Book Image

The DevOps 2.3 Toolkit

By : Viktor Farcic
Book Image

The DevOps 2.3 Toolkit

By: Viktor Farcic

Overview of this book

Building on The DevOps 2.0 Toolkit, The DevOps 2.1 Toolkit: Docker Swarm, and The DevOps 2.2 Toolkit: Self-Sufficient Docker Clusters, Viktor Farcic brings his latest exploration of the DevOps Toolkit as he takes you on a journey to explore the features of Kubernetes. The DevOps 2.3 Toolkit: Kubernetes is a book in the series that helps you build a full DevOps Toolkit. This book in the series looks at Kubernetes, the tool designed to, among other roles, make it easier in the creation and deployment of highly available and fault-tolerant applications at scale, with zero downtime. Within this book, Viktor will cover a wide range of emerging topics, including what exactly Kubernetes is, how to use both first and third-party add-ons for projects, and how to get the skills to be able to call yourself a “Kubernetes ninja.” Work with Viktor and dive into the creation and exploration of Kubernetes with a series of hands-on guides.
Table of Contents (18 chapters)
The End
Other Books You May Enjoy

What is Kubernetes?

To understand Kubernetes, it is important to realize that running containers directly is a bad option for most use cases. Containers are low-level entities that require a framework on top. They need something that will provide all the additional features we expect from services deployed to clusters. In other words, containers are handy but are not supposed to be run directly. The reason is simple. Containers, by themselves, do not provide fault tolerance. They cannot be deployed easily to the optimum spot in a cluster, and, to cut a long story short, are not operator friendly. That does not mean that containers by themselves are not useful. They are, but they require much more if we are to harness their real power. If we need to operate containers at scale and if we need them to be fault tolerant and self-healing, and have the other features we expect from modern clusters, we need more. We need at least a scheduler, probably more.

Kubernetes was first developed by a team at Google. It is based on their experience from running containers at scale for years. Later on, it was donated to Cloud Native Computing Foundation (CNCF) ( It is a true open source project with probably the highest velocity in history.

Kubernetes is a container scheduler and quite a lot more. We can use it to deploy our services, to roll out new releases without downtime, and to scale (or de-scale) those services. It is portable. It can run on a public or private cloud. It can run on-premise or in a hybrid environment. Kubernetes, in a way, makes your infrastructure vendor agnostic. We can move a Kubernetes cluster from one hosting vendor to another without changing (almost) any of the deployment and management processes. Kubernetes can be easily extended to serve nearly any needs. We can choose which modules we'll use, and we can develop additional features ourselves and plug them in.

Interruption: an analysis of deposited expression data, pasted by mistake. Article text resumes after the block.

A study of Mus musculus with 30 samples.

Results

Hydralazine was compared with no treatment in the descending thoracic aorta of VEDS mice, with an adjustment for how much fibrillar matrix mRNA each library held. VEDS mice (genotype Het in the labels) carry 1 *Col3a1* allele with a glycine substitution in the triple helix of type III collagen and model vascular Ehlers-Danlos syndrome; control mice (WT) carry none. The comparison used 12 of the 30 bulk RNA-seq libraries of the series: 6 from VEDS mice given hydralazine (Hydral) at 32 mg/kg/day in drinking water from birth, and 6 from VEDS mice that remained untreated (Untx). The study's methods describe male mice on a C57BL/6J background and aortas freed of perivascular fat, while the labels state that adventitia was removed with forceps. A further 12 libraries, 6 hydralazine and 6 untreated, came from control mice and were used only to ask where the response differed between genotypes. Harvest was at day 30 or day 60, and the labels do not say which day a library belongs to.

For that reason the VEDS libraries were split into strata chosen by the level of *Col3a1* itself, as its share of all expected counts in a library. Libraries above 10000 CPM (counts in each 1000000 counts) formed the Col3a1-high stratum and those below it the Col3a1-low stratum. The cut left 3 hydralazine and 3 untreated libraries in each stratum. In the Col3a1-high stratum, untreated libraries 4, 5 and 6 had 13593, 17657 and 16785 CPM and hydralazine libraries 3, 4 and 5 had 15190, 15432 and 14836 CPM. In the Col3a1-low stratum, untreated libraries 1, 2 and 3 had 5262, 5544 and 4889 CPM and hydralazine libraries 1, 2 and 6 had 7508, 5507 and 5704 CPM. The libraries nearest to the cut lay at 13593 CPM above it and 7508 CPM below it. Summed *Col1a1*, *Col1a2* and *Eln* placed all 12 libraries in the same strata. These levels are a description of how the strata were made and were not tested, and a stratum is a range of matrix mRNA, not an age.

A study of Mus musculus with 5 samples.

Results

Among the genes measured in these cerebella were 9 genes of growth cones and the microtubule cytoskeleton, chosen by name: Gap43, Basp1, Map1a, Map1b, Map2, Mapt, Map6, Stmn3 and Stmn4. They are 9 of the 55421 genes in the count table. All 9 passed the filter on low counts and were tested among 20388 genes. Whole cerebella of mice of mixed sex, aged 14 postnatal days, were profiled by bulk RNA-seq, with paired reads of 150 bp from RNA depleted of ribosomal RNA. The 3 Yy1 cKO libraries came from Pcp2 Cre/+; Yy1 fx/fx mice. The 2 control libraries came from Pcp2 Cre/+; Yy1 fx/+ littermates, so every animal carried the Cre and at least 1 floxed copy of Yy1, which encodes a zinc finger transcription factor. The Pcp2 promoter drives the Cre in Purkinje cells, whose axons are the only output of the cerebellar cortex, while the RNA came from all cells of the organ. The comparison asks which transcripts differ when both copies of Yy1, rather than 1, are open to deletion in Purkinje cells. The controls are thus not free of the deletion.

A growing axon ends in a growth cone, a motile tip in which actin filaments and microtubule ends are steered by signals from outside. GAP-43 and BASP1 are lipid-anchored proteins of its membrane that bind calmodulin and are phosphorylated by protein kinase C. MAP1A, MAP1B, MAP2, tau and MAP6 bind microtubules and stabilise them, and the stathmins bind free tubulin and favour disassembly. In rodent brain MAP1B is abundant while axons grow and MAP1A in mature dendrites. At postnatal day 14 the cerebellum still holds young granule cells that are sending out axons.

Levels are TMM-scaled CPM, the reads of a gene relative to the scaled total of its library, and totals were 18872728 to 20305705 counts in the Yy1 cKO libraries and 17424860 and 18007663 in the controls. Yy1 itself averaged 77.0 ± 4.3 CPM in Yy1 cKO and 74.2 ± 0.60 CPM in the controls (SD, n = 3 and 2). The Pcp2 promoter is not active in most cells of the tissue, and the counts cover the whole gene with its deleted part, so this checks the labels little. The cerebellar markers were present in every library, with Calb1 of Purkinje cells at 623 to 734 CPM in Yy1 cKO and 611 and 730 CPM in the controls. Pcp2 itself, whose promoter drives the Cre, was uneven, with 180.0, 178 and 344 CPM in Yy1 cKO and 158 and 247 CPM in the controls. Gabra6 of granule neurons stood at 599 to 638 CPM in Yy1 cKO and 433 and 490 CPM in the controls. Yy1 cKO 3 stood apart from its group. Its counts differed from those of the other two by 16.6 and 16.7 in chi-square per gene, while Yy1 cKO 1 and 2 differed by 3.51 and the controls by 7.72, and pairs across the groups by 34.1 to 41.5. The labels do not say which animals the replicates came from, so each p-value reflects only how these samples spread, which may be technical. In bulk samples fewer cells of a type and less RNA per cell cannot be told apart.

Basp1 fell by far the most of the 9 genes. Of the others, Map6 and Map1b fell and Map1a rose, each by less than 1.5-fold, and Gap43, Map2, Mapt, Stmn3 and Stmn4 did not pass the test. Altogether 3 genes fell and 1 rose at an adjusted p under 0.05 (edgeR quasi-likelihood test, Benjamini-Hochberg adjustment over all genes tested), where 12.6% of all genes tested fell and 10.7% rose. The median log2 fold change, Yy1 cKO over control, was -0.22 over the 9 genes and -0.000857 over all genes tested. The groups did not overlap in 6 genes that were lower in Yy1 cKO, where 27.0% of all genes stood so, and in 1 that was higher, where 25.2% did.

If we choose to use Kubernetes, we decide to relinquish control. Kubernetes will decide where to run something and how to accomplish the state we specify. Such control allows Kubernetes to place replicas of a service on the most appropriate server, to restart them when needed, to replicate them, and to scale them. We can say that self-healing is a feature included in its design from the start. On the other hand, self-adaptation is coming as well. At the time of this writing, it is still in its infancy. Soon it will be an integral part of the system.

Zero-downtime deployments, fault tolerance, high availability, scaling, scheduling, and self-healing should be more than enough to see the value in Kubernetes. Yet, that is only a fraction of what it provides. We can use it to mount volumes for stateful applications. It allows us to store confidential information as secrets. We can use it to validate the health of our services. It can load balance requests and monitor resources. It provides service discovery and easy access to logs. And so on and so forth. The list of what Kubernetes does is long and rapidly increasing. Together with Docker, it is becoming a platform that envelops whole software development and deployment lifecycle.

The Kubernetes project has just started. It is in its infancy, and we can expect vast improvements and new features coming soon. Still, do not be fooled with "infancy". Even though the project is young, it has one of the biggest communities behind it and is used in some of the biggest clusters in the world. Do not wait. Adopt it now!